Against that despair I imagine it secretly held under the desks of students across the country; I imagine them clustered in their cafeterias, discussing its somber evocation of life in Afghanistan for a handful of American soldiers. In short, I imagine young America seeing their destinies as indistinguishable from the destinies of the men and women in this book.
But then I remember that everything has changed. We're now a nation with a professional army. Our soldiers aren't us, really, but people who are merely doing their job. In a fashion that has transformed American political and moral life, our military now basically has nothing to do with our private ideas of citizenship and social responsibility.
So we don't read these books, most of us, and the war goes on, and some soldiers die, and it all seems about as important as Sarah Palin's latest tweet.
But for those who care, here it is: War, a book about a single platoon that's been asked to hold a section of the Korengal Valley, in eastern Afghanistan.
For reasons that belong to them, these guys have signed up for war's deadly work. They are extremely well trained and live in desolate conditions. We pay them accordingly. In part, we pay to keep their tragedies—which once belonged to all of us—to themselves.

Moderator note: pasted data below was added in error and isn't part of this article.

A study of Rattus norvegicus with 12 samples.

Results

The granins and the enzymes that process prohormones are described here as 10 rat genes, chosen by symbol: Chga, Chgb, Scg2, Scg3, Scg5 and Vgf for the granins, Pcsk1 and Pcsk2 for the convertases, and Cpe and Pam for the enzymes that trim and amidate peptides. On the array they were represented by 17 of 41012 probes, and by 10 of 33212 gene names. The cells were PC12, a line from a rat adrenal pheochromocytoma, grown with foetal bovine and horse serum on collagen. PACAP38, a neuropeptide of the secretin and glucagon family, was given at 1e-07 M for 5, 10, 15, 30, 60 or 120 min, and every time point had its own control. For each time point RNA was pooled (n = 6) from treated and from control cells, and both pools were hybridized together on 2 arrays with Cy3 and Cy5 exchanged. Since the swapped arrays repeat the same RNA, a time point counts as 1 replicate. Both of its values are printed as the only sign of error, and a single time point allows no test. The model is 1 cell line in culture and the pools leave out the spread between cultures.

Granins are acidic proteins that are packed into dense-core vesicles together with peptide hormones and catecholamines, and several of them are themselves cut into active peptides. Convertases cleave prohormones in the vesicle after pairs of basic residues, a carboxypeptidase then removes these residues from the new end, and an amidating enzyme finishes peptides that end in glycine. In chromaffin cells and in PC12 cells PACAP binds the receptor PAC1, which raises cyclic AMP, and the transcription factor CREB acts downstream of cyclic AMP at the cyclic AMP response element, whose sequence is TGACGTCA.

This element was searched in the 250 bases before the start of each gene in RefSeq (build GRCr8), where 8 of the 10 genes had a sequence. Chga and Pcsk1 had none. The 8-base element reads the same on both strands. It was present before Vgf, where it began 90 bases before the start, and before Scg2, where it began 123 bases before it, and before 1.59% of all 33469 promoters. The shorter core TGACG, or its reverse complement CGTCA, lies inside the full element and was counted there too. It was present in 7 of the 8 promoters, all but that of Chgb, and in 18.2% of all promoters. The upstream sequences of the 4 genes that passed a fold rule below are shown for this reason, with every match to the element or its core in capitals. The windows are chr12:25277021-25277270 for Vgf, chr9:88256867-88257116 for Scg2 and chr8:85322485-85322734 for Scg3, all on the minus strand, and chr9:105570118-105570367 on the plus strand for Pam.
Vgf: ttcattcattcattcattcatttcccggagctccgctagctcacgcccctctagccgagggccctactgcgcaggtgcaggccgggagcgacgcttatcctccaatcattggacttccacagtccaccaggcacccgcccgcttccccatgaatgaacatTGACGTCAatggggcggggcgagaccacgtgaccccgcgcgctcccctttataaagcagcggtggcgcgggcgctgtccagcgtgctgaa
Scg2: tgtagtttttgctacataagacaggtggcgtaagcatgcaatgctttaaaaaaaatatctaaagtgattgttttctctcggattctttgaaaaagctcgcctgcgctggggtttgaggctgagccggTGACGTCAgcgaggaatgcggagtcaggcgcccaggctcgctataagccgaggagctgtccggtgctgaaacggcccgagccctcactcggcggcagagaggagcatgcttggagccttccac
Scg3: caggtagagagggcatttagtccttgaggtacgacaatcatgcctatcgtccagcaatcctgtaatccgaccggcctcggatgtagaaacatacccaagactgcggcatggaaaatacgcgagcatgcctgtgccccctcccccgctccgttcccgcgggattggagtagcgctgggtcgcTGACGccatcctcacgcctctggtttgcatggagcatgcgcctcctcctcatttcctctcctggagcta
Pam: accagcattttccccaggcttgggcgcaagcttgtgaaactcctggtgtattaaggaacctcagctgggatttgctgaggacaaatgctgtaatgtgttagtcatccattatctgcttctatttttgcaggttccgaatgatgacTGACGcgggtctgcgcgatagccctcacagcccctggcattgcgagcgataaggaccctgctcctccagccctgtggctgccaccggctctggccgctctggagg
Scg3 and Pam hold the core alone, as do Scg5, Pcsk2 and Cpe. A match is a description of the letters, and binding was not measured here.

Junger, who has made a career of writing about dangerous work, has given us an updated Perfect Storm. The men are at least as brave as deep-sea fisherman and by all appearances as economically—and perhaps psychologically—desperate. War, like most forms of hard labor, is tedious, dreary, often boring, occasionally lethal, addictive, sometimes thrilling, and usually hopelessly sad. (It's violence, of course, is uniquely grotesque.) The soldiers, we're told, really just fight for each other. They don't care much about politics; they aren't especially patriotic; their fraternal love might be the most intense love of their lives. And Afghanistan is an impenetrable mystery, as it should be to the 21st century mind.
The writing is excellent. It's not Orwell's Homage to Catalonia or Finkel's The Good Soldiers, which it echoes in its accounts of war's unromantic suffering and sudden, irreversible violence, but if you care about Afghanistan, as I do at the moment, not least because one of my life's closest friends, Brad Wahlquist, of whom I wrote in "Playing Pool," is currently fighting in Khost, I haven't read a better portrait of life there for the everyday soldier.